Why I Am Giving Up Running (For A While)

I have been running for 15 years.

I’ve run multiple races, including four half-marathons. In August of 2016, I fell during a half-marathon and banged up my knee and shoulder pretty badly. Even though I finished that race, with blood running down my leg, it took me a couple of months to recover from that fall.

Then, within two weeks of re-establishing my running routine, I fell down the stairs at my house and cracked a rib. By the time that injury healed, I was dealing with the worst blow of all – the passing of my dear kitty and best friend Fifi.

After Fifi died, I was depressed for several months. Running, or exercise of any kind, was the furthest thing from my mind. When Fifi was with us, she would always be waiting at home for me at the end of run. After I cooled down and showered, she would cuddle up on the bed with me. Finishing a run and finding no Fifi waiting for me – it made me feel the loss that much more.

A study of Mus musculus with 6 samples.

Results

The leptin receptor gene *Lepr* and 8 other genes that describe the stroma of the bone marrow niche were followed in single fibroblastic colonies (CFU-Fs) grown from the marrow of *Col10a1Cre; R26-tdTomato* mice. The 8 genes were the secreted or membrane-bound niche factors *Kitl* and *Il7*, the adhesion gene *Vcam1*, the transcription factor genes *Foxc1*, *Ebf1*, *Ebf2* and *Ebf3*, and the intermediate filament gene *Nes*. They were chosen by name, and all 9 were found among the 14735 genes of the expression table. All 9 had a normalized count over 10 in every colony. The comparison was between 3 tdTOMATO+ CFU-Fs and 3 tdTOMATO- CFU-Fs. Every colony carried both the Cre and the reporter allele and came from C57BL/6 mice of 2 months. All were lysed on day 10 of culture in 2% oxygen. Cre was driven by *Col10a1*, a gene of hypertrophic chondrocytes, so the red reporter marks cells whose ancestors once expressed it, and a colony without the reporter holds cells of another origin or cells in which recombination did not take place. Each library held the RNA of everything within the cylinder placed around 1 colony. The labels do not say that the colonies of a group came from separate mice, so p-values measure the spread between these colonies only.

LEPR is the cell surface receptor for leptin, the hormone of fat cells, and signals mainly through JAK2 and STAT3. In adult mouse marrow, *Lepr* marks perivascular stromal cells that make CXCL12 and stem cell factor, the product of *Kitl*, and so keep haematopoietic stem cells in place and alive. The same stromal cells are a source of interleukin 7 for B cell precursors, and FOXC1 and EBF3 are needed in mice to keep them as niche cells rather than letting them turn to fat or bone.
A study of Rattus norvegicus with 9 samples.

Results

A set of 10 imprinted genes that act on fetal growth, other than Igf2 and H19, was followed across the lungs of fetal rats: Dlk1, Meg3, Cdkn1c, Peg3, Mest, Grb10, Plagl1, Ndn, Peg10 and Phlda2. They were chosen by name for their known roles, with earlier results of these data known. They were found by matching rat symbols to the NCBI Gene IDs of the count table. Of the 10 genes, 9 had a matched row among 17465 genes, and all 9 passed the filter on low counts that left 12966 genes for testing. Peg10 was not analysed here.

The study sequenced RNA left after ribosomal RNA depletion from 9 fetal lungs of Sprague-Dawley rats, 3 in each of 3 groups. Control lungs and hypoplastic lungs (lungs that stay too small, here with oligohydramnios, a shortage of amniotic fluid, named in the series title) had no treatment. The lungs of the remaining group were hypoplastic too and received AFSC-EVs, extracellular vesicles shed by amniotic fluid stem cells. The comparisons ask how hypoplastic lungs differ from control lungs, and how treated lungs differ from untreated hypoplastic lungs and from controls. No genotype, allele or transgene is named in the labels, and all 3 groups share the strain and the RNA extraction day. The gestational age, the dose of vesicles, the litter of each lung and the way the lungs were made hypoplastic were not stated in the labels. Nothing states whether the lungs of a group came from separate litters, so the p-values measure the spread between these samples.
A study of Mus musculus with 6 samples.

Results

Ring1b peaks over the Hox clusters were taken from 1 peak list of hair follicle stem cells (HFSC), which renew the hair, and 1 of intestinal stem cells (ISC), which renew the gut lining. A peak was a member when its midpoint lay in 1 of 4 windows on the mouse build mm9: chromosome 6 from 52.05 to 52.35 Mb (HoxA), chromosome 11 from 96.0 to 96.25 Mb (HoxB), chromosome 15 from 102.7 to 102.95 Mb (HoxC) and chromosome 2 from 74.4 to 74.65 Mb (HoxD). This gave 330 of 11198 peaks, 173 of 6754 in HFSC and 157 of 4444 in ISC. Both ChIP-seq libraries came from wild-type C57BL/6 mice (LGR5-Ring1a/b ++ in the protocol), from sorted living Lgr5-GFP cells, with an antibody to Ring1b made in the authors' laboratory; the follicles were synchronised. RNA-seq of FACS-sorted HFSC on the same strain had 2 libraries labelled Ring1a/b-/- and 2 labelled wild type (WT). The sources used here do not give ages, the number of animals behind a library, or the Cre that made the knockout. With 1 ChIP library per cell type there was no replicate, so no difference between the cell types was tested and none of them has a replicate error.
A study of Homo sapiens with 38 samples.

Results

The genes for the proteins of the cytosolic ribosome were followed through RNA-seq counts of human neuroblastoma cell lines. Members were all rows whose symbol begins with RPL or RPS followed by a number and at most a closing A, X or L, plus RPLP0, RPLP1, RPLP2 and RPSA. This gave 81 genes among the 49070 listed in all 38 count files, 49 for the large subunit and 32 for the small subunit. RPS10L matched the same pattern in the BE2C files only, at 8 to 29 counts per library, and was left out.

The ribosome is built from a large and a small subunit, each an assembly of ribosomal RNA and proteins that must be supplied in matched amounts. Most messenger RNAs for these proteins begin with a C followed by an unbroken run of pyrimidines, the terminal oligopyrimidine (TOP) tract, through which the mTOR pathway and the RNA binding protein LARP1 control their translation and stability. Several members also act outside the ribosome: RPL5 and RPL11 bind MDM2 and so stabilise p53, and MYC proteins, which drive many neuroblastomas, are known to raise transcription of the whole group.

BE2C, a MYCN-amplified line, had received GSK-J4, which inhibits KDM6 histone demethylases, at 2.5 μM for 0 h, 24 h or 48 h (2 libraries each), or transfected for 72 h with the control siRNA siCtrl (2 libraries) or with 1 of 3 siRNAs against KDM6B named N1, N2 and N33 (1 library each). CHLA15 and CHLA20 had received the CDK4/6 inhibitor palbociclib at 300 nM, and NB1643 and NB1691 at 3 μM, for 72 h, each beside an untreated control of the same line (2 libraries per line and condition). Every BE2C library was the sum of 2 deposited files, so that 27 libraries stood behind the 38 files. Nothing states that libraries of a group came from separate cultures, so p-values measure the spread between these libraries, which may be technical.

I kept trying to re-establish my running routine, but every time I did, I would get sick, or injured, or the weather would be crazy. I finally signed up for a half-marathon with my friends and co-workers, hoping it would motivate me. But it didn’t. After minimal and disinterested training, I walked the half-marathon with my friends and co-workers.

I made one last effort by downloading and using a really great couch-to-10K training program. Four weeks in, I injured my neck, but I persevered. Five weeks in, I got a hospital-grade sinus infection, and missed several days of work with a 100+ degree fever. I got a giant prescription of antibiotics and steroids, but by that time, I had missed so many runs that I effectively needed to start over.

So I finally gave up, and decided to recognize that the Universe was trying to tell me something. I haven’t enjoyed running for a while now. Even though running has been part of my life for so long – it’s part of who I am – I think that it’s time to put that part of myself away for a while.

Just like my slow journey towards minimalism, I have to decide what things in my life bring value, and what things I am hanging onto just because I think I should, or because I always have. The idea of myself as a runner is something that I have been hanging on to, when in reality I haven’t been a serious runner for a while.

This decision has been hard for me. However, as I have had more time to think about it, I have realized that if I stop trying to continue to be a runner, I will have more time in my life for new opportunities and adventures. And I am looking forward to that.